Godzilla is from the director Gareth Edwards, a Brit whose first film, Monsters, truly put him on the map, as it daringly played with the genre, and incorporated a plausible human love story, and the difference between that film and this may be summed up as follows: whereas Monsters was a clever and inventive film made for relatively little money ($500,000), this is a quite stupid film made for a lot of money ($160 million). Oh dear. It sounds like I’m wearing my disapproving hat again, although I don’t always. For example, I take it off for special occasions, and sometimes even in bed. (Sometimes yes, sometimes no; depends.)
‘The world’s most revered monster is reborn,’ say Warner Bros, who may well be hearing from King Kong’s lawyers anytime soon. (‘Our client would like it known he is the most revered…’). It’s the reboot of a franchise, and whether a sequel, prequel, origins story or straightforward remake, these franchises all rely on the reassurance offered by familiarity. You know where you are and what you are going to be getting, more or less, so if you know this is what you like, you will like this. It is spectacular. The staging and CGI are spectacular. Godzilla, once Godzilla appears (an hour in), is spectacular, with scaly-skin and a dorsal-finned spine to die for. There are aeroplanes falling out of the sky and bridges collapsing and monsters looming over cities and then stamping on them. But it’s still more of the same, with the same tropes and, in this instance, the human characters are so bland and dull and by-numbers you may well find yourself rooting for the monster. At least it has personality. And vim.
Our plucky hero, who will, of course, eventually succeed where the entire American military fails, is Ford Brody, as played by Aaron Taylor-Johnson, who is wooden throughout, possibly through no fault of his own as his role requires little beyond handsomely staring into the middle-distance while appearing troubled, and being nice to children. Much acting talent is thrown away, including Ken Watanabe as a scientist with only one expression (anguished) and Sally Hawkins as the scientist who actually has to say: ‘What is that?’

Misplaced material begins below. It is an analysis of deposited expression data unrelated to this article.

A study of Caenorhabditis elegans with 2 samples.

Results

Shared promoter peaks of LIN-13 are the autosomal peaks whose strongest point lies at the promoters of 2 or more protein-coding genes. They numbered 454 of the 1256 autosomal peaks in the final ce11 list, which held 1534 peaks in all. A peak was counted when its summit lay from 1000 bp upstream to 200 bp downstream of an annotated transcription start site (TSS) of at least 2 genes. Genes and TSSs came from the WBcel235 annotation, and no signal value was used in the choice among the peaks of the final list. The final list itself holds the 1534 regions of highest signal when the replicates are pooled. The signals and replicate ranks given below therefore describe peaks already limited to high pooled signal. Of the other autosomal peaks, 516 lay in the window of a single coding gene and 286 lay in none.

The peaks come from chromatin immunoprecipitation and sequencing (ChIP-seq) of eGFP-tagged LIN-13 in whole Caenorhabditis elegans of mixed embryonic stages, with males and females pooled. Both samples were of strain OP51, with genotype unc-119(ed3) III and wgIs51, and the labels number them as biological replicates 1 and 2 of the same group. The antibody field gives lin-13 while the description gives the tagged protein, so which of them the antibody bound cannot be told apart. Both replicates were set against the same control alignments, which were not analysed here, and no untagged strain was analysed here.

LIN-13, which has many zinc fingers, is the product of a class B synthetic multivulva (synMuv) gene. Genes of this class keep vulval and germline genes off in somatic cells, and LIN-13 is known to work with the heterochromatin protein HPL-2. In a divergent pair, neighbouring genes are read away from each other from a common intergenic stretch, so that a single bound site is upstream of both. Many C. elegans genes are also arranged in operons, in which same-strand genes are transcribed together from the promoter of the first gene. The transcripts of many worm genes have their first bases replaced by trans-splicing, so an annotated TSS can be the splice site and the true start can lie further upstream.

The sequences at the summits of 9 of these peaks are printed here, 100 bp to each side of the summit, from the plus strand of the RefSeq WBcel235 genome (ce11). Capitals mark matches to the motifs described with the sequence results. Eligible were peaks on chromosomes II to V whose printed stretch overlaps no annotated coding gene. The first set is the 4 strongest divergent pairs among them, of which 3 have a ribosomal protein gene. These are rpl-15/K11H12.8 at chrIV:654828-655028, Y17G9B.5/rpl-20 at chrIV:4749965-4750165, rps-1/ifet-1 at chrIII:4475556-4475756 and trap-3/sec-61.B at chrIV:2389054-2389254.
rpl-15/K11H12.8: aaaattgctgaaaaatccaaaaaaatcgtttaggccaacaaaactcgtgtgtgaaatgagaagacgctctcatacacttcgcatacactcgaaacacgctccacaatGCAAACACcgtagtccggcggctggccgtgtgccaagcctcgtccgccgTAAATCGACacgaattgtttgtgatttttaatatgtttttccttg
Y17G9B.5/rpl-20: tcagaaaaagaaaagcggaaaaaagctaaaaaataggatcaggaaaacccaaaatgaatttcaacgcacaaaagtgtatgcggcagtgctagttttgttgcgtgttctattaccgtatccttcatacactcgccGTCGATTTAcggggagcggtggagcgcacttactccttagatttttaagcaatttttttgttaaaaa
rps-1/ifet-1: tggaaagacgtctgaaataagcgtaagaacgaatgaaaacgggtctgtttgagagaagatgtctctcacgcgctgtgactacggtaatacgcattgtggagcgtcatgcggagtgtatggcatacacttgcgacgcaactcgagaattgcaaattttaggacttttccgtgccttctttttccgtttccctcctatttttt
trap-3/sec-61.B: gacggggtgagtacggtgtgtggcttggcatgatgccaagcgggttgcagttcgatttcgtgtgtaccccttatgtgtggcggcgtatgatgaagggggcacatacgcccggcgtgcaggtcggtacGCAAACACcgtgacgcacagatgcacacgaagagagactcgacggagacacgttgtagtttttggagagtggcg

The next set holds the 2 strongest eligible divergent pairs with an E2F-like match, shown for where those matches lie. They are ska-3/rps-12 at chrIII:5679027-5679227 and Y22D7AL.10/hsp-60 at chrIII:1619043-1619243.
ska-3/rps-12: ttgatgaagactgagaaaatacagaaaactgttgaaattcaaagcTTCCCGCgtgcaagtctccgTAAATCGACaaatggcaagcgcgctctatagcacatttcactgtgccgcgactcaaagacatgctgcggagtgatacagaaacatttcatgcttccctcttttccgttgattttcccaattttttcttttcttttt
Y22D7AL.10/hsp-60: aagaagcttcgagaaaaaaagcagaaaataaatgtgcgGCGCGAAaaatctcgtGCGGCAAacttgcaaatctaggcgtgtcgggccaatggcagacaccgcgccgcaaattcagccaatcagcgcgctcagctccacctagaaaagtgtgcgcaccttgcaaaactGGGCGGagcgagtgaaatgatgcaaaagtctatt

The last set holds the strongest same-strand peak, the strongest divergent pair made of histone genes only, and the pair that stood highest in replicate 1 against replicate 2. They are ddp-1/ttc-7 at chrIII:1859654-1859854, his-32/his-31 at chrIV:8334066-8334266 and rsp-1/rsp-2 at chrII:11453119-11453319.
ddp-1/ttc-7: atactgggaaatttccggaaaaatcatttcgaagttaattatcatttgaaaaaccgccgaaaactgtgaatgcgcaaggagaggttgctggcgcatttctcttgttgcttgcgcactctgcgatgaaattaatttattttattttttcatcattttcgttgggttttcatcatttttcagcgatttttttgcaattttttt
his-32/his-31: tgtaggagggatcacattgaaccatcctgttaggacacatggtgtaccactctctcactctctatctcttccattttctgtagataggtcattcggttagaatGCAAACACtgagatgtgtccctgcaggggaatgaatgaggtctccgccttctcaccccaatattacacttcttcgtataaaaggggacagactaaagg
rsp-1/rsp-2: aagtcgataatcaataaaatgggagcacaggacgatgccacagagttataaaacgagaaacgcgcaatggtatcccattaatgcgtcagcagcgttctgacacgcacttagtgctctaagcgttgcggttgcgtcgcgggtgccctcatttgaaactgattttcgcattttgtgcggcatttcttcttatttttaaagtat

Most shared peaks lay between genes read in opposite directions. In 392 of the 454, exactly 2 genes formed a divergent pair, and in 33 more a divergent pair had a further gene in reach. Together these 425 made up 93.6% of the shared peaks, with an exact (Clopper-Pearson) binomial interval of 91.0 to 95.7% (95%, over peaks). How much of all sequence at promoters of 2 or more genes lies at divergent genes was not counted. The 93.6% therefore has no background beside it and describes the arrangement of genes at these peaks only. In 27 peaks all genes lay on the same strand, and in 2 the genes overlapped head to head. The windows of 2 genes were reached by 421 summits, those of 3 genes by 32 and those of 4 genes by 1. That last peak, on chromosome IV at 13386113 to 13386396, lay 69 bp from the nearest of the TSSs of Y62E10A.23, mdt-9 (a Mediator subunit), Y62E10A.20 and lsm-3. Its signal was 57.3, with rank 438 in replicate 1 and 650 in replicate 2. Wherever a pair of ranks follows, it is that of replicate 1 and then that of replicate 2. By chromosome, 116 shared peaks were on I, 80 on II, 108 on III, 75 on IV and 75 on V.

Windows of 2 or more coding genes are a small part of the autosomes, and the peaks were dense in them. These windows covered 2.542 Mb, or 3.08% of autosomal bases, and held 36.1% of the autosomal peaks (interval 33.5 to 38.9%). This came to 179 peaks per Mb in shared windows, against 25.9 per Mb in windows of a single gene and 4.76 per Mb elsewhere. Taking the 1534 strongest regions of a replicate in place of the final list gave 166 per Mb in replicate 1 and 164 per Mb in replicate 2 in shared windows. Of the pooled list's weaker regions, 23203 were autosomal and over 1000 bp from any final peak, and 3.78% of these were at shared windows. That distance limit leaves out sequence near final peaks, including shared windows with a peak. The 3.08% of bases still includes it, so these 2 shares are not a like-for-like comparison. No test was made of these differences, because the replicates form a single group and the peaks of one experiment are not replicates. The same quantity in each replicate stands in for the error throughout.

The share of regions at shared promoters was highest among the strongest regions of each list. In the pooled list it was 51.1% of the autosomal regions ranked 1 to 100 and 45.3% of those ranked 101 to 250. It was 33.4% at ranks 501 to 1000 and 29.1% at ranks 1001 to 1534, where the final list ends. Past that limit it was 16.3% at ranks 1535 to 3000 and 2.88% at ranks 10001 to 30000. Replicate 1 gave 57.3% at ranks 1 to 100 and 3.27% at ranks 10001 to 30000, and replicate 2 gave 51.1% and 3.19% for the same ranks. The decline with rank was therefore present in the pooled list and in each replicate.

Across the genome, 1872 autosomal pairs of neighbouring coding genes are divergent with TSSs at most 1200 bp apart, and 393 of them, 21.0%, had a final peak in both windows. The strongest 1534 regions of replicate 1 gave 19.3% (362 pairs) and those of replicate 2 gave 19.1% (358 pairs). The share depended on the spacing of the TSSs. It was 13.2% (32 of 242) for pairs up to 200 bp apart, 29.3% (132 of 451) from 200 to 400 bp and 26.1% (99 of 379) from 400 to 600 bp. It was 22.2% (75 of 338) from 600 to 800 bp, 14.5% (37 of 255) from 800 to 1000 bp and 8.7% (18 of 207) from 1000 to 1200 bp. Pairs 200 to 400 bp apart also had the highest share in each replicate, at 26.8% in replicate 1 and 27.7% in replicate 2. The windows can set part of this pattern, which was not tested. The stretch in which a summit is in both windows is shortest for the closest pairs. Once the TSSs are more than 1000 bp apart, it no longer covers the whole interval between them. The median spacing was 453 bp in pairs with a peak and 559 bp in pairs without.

Tropes being tropes, this begins with one of those prologues as chrysalis-like pods are found attached to an enormous skeleton deep in a quarry in the Philippines. Next, it’s to Japan, to Ford as a small boy growing up there with his parents, who both work at the local nuclear plant. His father is played by Bryan Cranston in an insane wig, while his mother is played by Juliette Binoche looking sheepish. His father is worried about weird things happening to radiation levels, but no one will take him seriously, so eventually the plant goes up and the city is levelled. This, by the way, connects rather nicely with the original 1957 Japanese film, where Godzilla represented anxiety around nuclear issues.
But we then cut to 15 years later, by which time Ford is an army bomb-disposal expert (handy) living in San Francisco with a young son and a wife (Elizabeth Olsen), who is beautiful and a nurse which presumably means, when jeopardy comes into play, any loss will be more painful than if, say, she’d been plain and an office cleaner. Ford has just returned from a military tour but must immediately fly to Tokyo, to attend to his father, who is still obsessed with the calamity of 15 years earlier, and has newspaper cuttings about nuclear leaks and nuclear cover-ups all over the walls of his apartment. Once, just once, I would like to see a movie in which the character obsessed with a particular subject buys a ring binder and hole punch. It’s a small dream, but a dream nonetheless.
I can’t go into all the ins and outs of the plot here, and how there is more than one monster, some of which look like animated versions of the Philippe Starck lemon squeezer that doesn’t work. (It squirts the juice straight into your eye.) I tried, but it took up too much space, and also I figured that, if you are interested, you’ll go see it anyway and if you are not, who cares? So I’ll just tell you that this Godzilla is a serious, po-faced business, lacking any humour whatsoever, and also comes with a simplistic environmental message concerning man v. nature, and what we’ve done to nature, even though man is nature too.
The history of film is as much a history of technology, so advancements mean this Godzilla is bigger and thrashier and more dorsal-finned than ever before, and some of the scenes — tsunami waters crushing a city; Godzilla slinking into the ocean — are truly magnificent, but it’s all visual bombast at the expense of storytelling or anyone to actually believe in. Still, if it is what you like, then you will like this, and I don’t say that disapprovingly. Hang on. Just checked. Thought I’d taken my disapproving hat off but, no, I had it on all along.